London — Mass audience Free-To-Air satellite broadcasting platforms are relatively new to Africa. In partnership with SES, Multimedia Broadcasting has pioneered their development in Ghana. Russell Southwood spoke to Abdulai Awudu, Director of Programmes, Multimedia Broadcasting about how it has grown itself significant market share in the country.
Launched by Kwasi Twum in 1995, the Multimedia Group is one of Ghana's largest media companies and among its key properties are Joy FM, Adom FM and its online news sites that are the most visited locally. In 2009 it launched a Free To Air Satellite platform called Multi TV. The satellite platform it used was initiated and supported by SES, who also provided training for installers and other sales support.
"Multimedia decided to go into TV. DTT was coming and it was symptomatic of how things were moving across the media. We wanted to anticipate these changes." It also saw an audience gap because the analogue, terrestrial channels were largely focused on the capital Accra and the country's regional capitals. The original plan also flowed out of the perceived need to incentivize viewers to move to digital and buy a set-top box: its own satellite box was called Digibox.
The Multi TV platform launched with 10 thematic channels based on the subjects that were most popular with viewers based on the GAMPS market research survey including: movies, TV series, news, sport. One of its USPs was a Kids Channel that was not something found on Pay TV bouquets at the time. At the time, FTA channels would run an hour a day of kids programming.
One of its biggest assets in launching the new platform was its radio stations:"We had the leading radio stations to promote sales of our Digiboxes. We do what we know how to do best... We knew how to sell advertising and we replicated what we had done with the radio stations, targeting particular demographics".
After two years, it had reached 1.5 million households, a figure established through a reliable piece of market research. Eight years later, it has now reached 3 million plus households, giving it an audience of around 15 million people.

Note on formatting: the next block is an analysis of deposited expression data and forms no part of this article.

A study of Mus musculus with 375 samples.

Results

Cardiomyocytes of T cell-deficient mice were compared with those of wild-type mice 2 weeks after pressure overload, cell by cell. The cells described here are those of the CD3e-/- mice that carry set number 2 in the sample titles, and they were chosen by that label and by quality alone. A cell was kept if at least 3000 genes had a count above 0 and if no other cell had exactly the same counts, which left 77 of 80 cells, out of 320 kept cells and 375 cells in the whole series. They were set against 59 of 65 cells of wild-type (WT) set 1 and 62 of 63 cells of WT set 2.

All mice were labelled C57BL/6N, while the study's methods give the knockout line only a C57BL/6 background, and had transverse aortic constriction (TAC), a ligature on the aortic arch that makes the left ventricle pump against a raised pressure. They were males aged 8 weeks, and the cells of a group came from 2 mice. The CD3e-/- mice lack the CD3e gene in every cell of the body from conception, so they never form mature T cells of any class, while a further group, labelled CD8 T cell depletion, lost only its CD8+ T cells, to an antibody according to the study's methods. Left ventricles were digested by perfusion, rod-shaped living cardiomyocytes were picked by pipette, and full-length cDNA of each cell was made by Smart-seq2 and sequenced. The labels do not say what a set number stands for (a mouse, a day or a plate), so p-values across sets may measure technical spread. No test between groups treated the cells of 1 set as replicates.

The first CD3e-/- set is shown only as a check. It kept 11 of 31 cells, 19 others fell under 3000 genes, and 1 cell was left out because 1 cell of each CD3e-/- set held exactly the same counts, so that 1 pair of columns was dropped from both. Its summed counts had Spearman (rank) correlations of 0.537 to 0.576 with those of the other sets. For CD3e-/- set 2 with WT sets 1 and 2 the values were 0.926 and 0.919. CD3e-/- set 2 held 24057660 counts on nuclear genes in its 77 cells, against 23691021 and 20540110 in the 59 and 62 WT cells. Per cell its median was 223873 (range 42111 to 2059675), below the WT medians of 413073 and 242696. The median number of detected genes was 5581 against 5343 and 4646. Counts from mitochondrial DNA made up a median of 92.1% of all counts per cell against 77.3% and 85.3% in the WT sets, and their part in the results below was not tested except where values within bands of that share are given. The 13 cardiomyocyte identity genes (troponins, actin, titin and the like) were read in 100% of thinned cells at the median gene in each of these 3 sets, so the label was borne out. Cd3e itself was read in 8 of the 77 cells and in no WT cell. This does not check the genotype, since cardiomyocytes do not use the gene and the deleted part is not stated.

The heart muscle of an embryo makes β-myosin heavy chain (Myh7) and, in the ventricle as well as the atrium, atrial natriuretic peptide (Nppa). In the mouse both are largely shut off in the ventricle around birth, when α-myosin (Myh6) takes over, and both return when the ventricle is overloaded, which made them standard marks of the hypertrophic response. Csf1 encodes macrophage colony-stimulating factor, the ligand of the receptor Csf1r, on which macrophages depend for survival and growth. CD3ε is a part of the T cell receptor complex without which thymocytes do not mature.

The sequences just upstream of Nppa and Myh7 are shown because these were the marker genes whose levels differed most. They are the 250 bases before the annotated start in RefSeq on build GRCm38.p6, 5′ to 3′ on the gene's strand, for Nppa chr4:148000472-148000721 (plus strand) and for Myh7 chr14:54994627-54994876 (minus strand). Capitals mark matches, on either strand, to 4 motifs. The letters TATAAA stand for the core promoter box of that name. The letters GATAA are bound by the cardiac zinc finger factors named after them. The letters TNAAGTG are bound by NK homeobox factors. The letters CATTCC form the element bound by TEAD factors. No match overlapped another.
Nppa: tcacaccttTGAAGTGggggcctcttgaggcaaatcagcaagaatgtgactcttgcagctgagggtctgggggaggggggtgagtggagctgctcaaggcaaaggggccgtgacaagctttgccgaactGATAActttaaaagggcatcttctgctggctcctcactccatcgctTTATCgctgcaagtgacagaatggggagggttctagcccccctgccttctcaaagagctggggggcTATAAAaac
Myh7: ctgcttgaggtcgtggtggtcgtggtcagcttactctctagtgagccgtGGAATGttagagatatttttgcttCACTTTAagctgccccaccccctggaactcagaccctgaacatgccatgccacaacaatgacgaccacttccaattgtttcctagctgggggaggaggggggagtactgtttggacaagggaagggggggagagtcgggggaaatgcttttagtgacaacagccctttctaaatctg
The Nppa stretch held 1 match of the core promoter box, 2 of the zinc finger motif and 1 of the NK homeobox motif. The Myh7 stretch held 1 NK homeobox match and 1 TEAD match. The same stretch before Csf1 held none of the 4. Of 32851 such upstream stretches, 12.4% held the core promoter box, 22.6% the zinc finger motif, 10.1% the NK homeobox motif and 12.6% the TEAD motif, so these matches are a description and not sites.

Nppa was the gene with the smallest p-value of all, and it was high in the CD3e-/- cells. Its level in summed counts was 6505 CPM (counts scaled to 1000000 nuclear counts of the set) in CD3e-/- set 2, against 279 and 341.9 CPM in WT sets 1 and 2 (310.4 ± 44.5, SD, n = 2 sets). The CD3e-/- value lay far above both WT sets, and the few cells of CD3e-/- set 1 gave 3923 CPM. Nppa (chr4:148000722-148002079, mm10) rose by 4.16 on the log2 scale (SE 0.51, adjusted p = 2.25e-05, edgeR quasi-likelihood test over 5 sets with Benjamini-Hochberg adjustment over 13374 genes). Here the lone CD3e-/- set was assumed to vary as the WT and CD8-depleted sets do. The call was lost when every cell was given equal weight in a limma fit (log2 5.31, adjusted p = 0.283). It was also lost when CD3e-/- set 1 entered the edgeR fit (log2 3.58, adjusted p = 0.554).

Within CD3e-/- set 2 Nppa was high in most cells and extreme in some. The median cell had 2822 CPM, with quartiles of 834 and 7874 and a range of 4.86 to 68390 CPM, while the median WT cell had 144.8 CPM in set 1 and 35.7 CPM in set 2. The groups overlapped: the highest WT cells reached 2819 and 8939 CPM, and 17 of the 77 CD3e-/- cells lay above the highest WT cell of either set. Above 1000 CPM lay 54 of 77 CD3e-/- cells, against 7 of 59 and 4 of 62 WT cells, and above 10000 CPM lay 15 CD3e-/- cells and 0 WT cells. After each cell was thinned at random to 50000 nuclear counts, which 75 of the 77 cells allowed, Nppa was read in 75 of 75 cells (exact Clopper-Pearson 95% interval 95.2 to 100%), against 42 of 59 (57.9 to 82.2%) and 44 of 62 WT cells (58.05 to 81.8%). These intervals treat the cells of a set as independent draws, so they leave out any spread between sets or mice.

Learning from the success and failures of the original channel bouquet, it took the decision to reduce the number of channels to focus more on the successful ones:"SES's satellite neighbourhood now has 20 channels on it... .We had to ask: which of our channels are still effective? There was a need to shrink to grow. It was hard doing so much content and hard to find sponsors for the kids channel."
It merged some of the channels and was able to provide the same amount of content in a more limited number of channels. The three channels are now Joy News, Joy Prime and Adom TV. In audience terms, the "shrink to grow" approach has been a success. Adom TV is now the number one channel, Joy Prime number four and Joy News number 6:"These are all good high positions."
The proliferation of channels in Ghana - both TV and radio - has had a significant impact on ad revenues:"The older stations retained their share of the audiences. If the small stations did not target a specific demographic, they struggled. Joy News is aimed at high-end decision-makers. Advertisers always look at reach, share and content."
"There's lots of discounting in a competitive market but a premium product allows you to play around with discount levels". Despite these market pressures, there have been no dramatic exits from the market. Viasat has been sold to Kwese TV and others have simply changed their position in the market. Former big play Metro TV has lost audience share since "it left the sports arena."